My first dive watch, received as a gift upon completing my dive certification in 1967, was an Omega Seamaster 300 on a rubber strap. For more than a decade, it was my almost constant companion … with the exception of a pocket watch fetish I developed in college and a brief dalliance with digital watches in the 1970s. Sadly, it was lost at sea in 1978, and I have never stopped missing it.
In the past few years, I have learned about vintage SM300s that could be had for a reasonable sum. Even more interesting were those Watchco versions. Watchco, an Australian company, at one time was an Omega service center and parts distributor. When the service center relationship ended, Watchco began assembling Seamaster 300s from factory-new parts, and inserting a vintage movement to create a working watch. While not cheap, it was a good way to get a modern version of a vintage watch, right down to a new dial with SuperLuminova.
For whatever reason, I have managed to resist the urge to snag one of these beauties. The price, which probably was about 10 times what my original cost new, certainly could be one reason. But the other is that we tend to romanticize things from our past, remembering the good things but forgetting the bad. As exciting as the possibility of owning a NOS (new old stock) version of my beloved SM300 might be, it was not perfect. The crystal had to be replaced several times, the watch was not the most accurate I have owned, and bracelets from that era were not nearly so refined as what we have today. So, from the standpoint of my personal collection, the SM300 remains where it is most valued – as a memory.
Not to worry, though. Omega extracted a generous portion of the “good” DNA from the SM300 and used it to create an entirely new, modern watch: the Planet Ocean. Introduced in 2005, the Planet Ocean (or PO to its legions of admirers) has become a favorite of Omega fans (for example, after its introduction, the Omega forum on WatchUSeek gradually metamorphosed from a predominantly pro-Speedmaster site to a pro-Planet Ocean site). And it is little wonder that such was the result.
The PO bore a striking resemblance to the original SM300, right down to the fonts used on the dial. But the PO was a decidedly different watch. It featured a COSC-certified calibre 2500 movement, which is the co-axial escapement version of the calibre 1120, itself based on the venerable ETA calibre 2892-A2. The domed crystal was scratch-resistant sapphire. The caseback was an elegant carving of the famous Omega hippocampus. And the bracelet was a beautifully finished reinterpretation of the original SM300 bracelet, with solid links and endlinks, along with the famous Seamaster Professional fold-over clasp.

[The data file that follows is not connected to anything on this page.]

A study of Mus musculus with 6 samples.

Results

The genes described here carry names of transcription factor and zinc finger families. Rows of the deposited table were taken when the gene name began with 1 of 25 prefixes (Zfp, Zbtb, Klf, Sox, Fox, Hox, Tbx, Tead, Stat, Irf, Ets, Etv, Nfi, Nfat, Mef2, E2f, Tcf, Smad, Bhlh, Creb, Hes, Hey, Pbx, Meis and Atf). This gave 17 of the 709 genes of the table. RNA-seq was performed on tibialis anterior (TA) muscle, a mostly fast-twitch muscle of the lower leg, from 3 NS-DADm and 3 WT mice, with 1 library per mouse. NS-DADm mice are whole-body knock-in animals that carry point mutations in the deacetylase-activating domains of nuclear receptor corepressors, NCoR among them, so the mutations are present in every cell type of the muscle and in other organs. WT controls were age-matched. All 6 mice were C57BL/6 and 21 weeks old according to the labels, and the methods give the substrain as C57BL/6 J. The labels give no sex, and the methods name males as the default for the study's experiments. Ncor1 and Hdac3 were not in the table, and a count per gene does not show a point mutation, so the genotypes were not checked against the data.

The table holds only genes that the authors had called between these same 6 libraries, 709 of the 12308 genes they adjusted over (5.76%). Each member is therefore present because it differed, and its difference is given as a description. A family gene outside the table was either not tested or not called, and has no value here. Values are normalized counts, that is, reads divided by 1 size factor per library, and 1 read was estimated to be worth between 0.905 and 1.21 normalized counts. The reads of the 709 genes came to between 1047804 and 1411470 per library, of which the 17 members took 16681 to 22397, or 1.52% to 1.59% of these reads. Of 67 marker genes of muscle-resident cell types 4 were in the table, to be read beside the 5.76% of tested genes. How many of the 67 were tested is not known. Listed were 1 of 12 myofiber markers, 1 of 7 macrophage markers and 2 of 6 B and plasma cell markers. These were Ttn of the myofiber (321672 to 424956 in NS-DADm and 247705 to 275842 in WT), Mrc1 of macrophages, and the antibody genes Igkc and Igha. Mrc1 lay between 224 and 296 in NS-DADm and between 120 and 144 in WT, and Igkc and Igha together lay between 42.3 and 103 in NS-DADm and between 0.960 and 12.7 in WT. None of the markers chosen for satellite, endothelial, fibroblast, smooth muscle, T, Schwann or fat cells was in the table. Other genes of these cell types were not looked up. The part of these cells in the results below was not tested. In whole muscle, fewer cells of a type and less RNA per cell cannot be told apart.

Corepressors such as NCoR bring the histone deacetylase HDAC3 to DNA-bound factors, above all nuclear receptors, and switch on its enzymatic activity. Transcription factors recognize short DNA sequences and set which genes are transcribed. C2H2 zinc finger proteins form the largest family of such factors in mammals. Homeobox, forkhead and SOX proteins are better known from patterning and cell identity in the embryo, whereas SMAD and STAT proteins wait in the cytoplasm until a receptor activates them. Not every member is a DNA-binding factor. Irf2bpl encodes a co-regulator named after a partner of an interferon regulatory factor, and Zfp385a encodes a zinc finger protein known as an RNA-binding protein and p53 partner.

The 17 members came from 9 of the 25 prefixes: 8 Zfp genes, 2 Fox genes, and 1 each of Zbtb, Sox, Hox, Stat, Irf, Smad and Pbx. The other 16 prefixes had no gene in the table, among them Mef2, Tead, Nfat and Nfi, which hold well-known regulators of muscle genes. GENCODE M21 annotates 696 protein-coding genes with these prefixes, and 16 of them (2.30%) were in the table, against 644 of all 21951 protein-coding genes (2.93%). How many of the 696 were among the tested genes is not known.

I was an early adopter of the Seamaster Pro when it was introduced as the watch of James Bond in the 1990s. It was an excellent watch for use on dives, not the least because of that superb clasp. It featured a double push-button deployant and a foldout divesuit extension that allowed the watch to fit comfortably over a 5mm wetsuit. For the PO, the bracelet was tapered slightly so that the clasp was 2mm narrower than on the Seamaster Pro, but the effect of this taper was to make the bracelet more gracefully conform to the contours of the PO case, and to make the clasp much more comfortable on the wrist.
Omega created several versions of the PO. It was available in either a 42mm or 45.5mm diameter. It was available with either white numbering on the dial, or orange. And there also was an orange bezel as an alternative to the traditional black. But the model that most clearly evoked the watch on which it was based – the Seamaster 300 – was the 42mm version with white numbering and a black bezel, Omega’s ref. 2201.50.
The PO was not a thin watch, however. It carried a 600m water-resistance rating, as compared to 300m on both the Seamaster Pro and the Rolex Submariner. The Seamaster Pro was only 12.7mm thick, whilst the PO gained to 14.5mm. The profile still was enough to allow the PO to fit beneath a dress shirt, so that it could make the transition from divesuit to business suit.
Sadly, the Planet Ocean was modified by Omega to allow it to incorporate a new in-house movement, the calibre 8500, and was reintroduced at Baselworld 2011. But the proportions were changed with this update, most especially with a thicker case. To accommodate the thicker cal. 8500 movement and an exhibition caseback, the case thickness increased to 16.3mm. This was almost 30% thicker than the case of the Seamaster Pro. The bezel teeth were modified to be a greater percentage of the bezel sides. And the bezel insert was changed to a matte black ceramic, which looked more gray than black. Whatever its positives, the new PO looked considerably less like its Seamaster 300 forebear.
Then, earlier this spring, Omega announced the discontinuation of the original Planet Ocean models with the cal. 2500, ending forever the production of this beloved dive watch.
Hence this retrospective, to commemorate a superlative dive watch that was itself a paean to another famous dive watch. Certainly, the PO continues as the ceramic bezel, cal. 8500 version. But many fans of the Planet Ocean, myself included, struggle to accept this newer incarnation. For us, the Planet Ocean will always be the cal. 2500 model.